One factor that is so important when it comes to our lives with dogs is clearness of communication. Communication is not just about what someone is saying. For effective communication to take place, the message to be communicated must be understood clearly by the one receiving it so they can act or respond (or not) as necessary. For true communication, the receiver must also be understood in their responses.

It may be easy to think when your dog has been successfully coached in some cues that they understand what the cues mean. That isn’t quite true.

While dogs do appear to understand cues, they aren’t actually understanding the meaning of the word. To them it’s simply a specific noise. Because of the way that learning works, repetition during coaching means that they have come to associate that noise with something. “When I hear that sound and do this thing, I get the tasty treat.” So, hearing the cue word, for example ‘down’ prompts the dog to lie down and then they receive the little piece of sausage or liver or dog treat.

A puppy laying on a tiled floor with head tilted slightly. Another dog out of focus in the background.

This doesn’t mean that the dog knows the word ‘down’ means ‘lay down’ – it’s an action they have come to associate with getting something good. It has been positively reinforced, and so they are likely to do it again on hearing that cue. This is why clearness and consistency in how we communicate with our dogs is so important.

How then can we ensure consistent and clear communication and, importantly, make sure that it applies in both directions?

Make cues short, simple, and easy to keep the same every time you say it. While to us ‘down’, ‘lie down’ and ‘lay down’ all mean the same thing, to the dog who has learned the cue of ‘down’ they are very different sounds. Be sure to make sure everyone in the family or who will be interacting with the dog and giving them cues knows what their cues are and the importance of using the right cues.

Remember the rule of three when it comes to cues, to avoid weakening them. Say the cue and give the dog three seconds to respond. If they don’t then say the cue again. Wait another three second before saying the cue for a final time. If after another three seconds the dog has not responded it’s time to stop and look at the situation you are in and see what can be changed to set the dog up for success.

Are there too many distractions in the environment? For example, calling a dog away from wanting to play with other dogs can be difficult for many, as coming back to go on the lead is nowhere near as much fun as playing with other dogs. In this situation a long line is useful to avoid the dog practising the behaviour of running up to other dogs as many dogs may not be keen on interacting with unknown dogs.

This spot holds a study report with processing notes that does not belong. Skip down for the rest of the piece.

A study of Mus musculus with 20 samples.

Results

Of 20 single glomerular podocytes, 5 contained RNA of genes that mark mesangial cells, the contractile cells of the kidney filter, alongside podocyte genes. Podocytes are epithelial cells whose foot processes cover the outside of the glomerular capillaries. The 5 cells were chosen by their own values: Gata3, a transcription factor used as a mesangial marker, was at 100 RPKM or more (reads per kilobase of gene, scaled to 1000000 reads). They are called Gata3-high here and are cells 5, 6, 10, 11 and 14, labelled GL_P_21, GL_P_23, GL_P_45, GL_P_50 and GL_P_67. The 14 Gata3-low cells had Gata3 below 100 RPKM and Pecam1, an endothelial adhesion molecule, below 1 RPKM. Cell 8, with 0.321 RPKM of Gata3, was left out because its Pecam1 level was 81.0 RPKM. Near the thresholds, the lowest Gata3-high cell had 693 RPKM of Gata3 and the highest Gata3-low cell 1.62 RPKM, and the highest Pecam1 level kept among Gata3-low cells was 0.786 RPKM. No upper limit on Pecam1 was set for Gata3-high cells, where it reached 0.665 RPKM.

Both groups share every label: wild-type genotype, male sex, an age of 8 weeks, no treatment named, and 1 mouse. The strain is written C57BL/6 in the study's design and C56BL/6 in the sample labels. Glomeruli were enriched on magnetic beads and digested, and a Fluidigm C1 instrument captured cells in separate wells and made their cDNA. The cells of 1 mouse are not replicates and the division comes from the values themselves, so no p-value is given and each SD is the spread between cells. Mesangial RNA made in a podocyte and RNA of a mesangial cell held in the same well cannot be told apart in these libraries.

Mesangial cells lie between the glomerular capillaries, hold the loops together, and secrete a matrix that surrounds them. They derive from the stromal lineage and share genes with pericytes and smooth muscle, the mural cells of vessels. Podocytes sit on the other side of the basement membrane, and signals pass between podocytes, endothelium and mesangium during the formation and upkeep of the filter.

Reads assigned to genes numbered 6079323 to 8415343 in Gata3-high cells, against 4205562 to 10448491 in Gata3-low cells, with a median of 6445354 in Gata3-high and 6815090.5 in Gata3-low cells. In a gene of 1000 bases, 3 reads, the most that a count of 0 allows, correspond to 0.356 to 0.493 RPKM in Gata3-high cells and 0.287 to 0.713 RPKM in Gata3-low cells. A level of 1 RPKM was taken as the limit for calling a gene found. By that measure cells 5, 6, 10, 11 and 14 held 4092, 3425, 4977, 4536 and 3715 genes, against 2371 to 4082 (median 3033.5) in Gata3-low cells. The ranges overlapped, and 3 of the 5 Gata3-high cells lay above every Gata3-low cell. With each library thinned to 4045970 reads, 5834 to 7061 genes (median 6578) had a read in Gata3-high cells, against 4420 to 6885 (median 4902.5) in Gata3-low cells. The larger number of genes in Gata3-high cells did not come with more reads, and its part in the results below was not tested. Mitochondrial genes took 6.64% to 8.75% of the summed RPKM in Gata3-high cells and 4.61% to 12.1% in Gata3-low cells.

A tan and a red dog running side by side in a field with trees in the background

Has the cue been ‘proofed’ – has the dog been coached so that the cue means the same thing in every environment? Once we have coached a cue at home, it’s really important to gradually increase the distraction levels around the dog and go to different places to coach that cue, as otherwise the dog will not realise that ‘down’ means the same thing whether or not he’s at home, in the park, in the woods etc.

Is the cue consistent? This ties in with the rule of three mentioned above. Often, when a cue is given but the dog doesn’t immediately act, the guardian repeats the cue quickly. If this keeps happening, that nice and simple ‘down’ cue could get confusing to the dog and turn into ‘downdowndownliedown’ – an extreme example, but you get the idea!

One thing every guardian can do to help communication between themselves and their dogs is to spend some time learning about canine body language. This is the main way dogs communicate, and the more we can understand what they are telling us, the better we can react to their signals and change anything in the environment that they are struggling with or understand when they are confused by something. Excellent resources include the Silent Conversations website, the book Canine Communication: The Language of a Species by Sally Gutteridge* or (especially good for families with children) Lili Chin’s Doggie Language: A Dog Lover's Guide to Understanding Your Best Friend*

Dogs live in a very human world, and they do their best to get by and work with us when they understand a completely different language. It’s only fair that we do our best to learn theirs, and to keep our own communication with them clear and consistent.

blonde woman smiling and crouching down by a bernese mountain dogmounti
When we get that communication right, we can have the best possible bond

*As an Amazon associate I may earn a small commission from purchases made via links from this site.